The imminent threat of climate change can seem abstract even to somebody like me who is convinced that the science is solid.

Storms are more frequent and more furious but those in the National Weather Service who still dare speak for attribution always note that it’s hard to link any individual event to the general phenomenon. Rising sea levels will someday require barriers from Manhattan to Key West, two places I like to visit, but the warnings come with the kinds of deadlines that I most likely will not be around to see.

If like me you yearn for a clear, immediate and consequential example to use when a skeptic raises doubts, I have two words for you:

Las Vegas.

I went there once for a journalism convention and as everybody in the business knows well, such gatherings usually took place in the off-season. I got to sample the charms of Dallas in August, Miami in August and Las Vegas in July.

I heard all about the dry heat, the kind that was not supposed to feel that hot but did. I learned that occasionally runways at the airport got too hot for planes to take off and land. I marveled at the sidewalks and minor league ballpark equipped with spritzers so tourists would leave their hotels.

If you are looking for climate change horror stories today, there’s no need to wait. Just listen to a writer who lives there, Dan Hernandez, and his chilling — wrong word but you know what I mean — account in the Guardian under the headline: “The hellish future of Las Vegas in the climate crisis: 'a place where we never go outside.’”

Like many a good writer, he knows how to get your attention. He starts with the Clark county death investigator who calmly tells tales of going into homes and finding corpses in rooms without any air conditioning or where elderly tenants cannot afford to operate it.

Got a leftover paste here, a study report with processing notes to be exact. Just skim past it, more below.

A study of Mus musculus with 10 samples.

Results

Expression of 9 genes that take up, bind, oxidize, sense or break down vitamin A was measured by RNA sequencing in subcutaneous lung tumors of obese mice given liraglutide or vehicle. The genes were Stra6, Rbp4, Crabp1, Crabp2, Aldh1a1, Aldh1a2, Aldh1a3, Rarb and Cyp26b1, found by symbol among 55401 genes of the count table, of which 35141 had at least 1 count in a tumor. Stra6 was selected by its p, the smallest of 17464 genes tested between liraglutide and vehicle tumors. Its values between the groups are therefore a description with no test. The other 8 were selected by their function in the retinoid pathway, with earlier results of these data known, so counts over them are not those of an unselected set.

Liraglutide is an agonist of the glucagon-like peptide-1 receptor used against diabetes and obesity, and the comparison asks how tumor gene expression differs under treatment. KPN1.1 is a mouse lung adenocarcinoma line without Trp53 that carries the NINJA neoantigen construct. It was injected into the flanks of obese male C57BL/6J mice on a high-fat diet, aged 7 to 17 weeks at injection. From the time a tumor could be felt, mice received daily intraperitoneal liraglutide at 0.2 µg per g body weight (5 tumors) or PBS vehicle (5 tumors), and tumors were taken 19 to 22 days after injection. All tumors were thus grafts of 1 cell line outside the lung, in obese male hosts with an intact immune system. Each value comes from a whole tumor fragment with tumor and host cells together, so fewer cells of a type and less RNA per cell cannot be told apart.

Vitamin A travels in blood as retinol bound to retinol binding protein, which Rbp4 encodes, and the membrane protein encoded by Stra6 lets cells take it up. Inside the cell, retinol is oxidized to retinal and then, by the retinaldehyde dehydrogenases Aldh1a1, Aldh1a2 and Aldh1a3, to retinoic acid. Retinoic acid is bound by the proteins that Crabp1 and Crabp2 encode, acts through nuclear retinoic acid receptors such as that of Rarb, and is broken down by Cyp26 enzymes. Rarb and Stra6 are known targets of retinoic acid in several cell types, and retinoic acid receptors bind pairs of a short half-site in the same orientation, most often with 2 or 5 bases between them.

The investigator said after such a discovery, she often will “go stand in the sun in the 115F heat to do my paperwork as opposed to staying in the house because it’s that hot.”

And it will only get worse. As Las Vegas grows, it paves more land and lures more vehicles, all accelerating the process being driven by nature. The Union of Concerned Scientists says this fastest warming city in the nation, according to records since 1970, can expect 96 days of heat above 100 by the end of the century, including 60 days over 105F, and 7 “off the chart” days that would break the current heat index.

So we don’t have to rely on warnings about the future when we already have conditions similar to those in many a dystopian novel right now. Imagine working outside in construction or landscaping or as a crossing guard for even brief periods of time. Imagine old people already wondering how they can afford the food they need and the medicine they need, then adding a third element in the form of high utility bills.

As Hernandez reported, it’s no wonder that the Las Vegas-based Desert Research Institute has found that more heat waves are bringing more heat-related deaths.

This gives a whole new meaning to that slogan, what happens in Vegas stays in Vegas.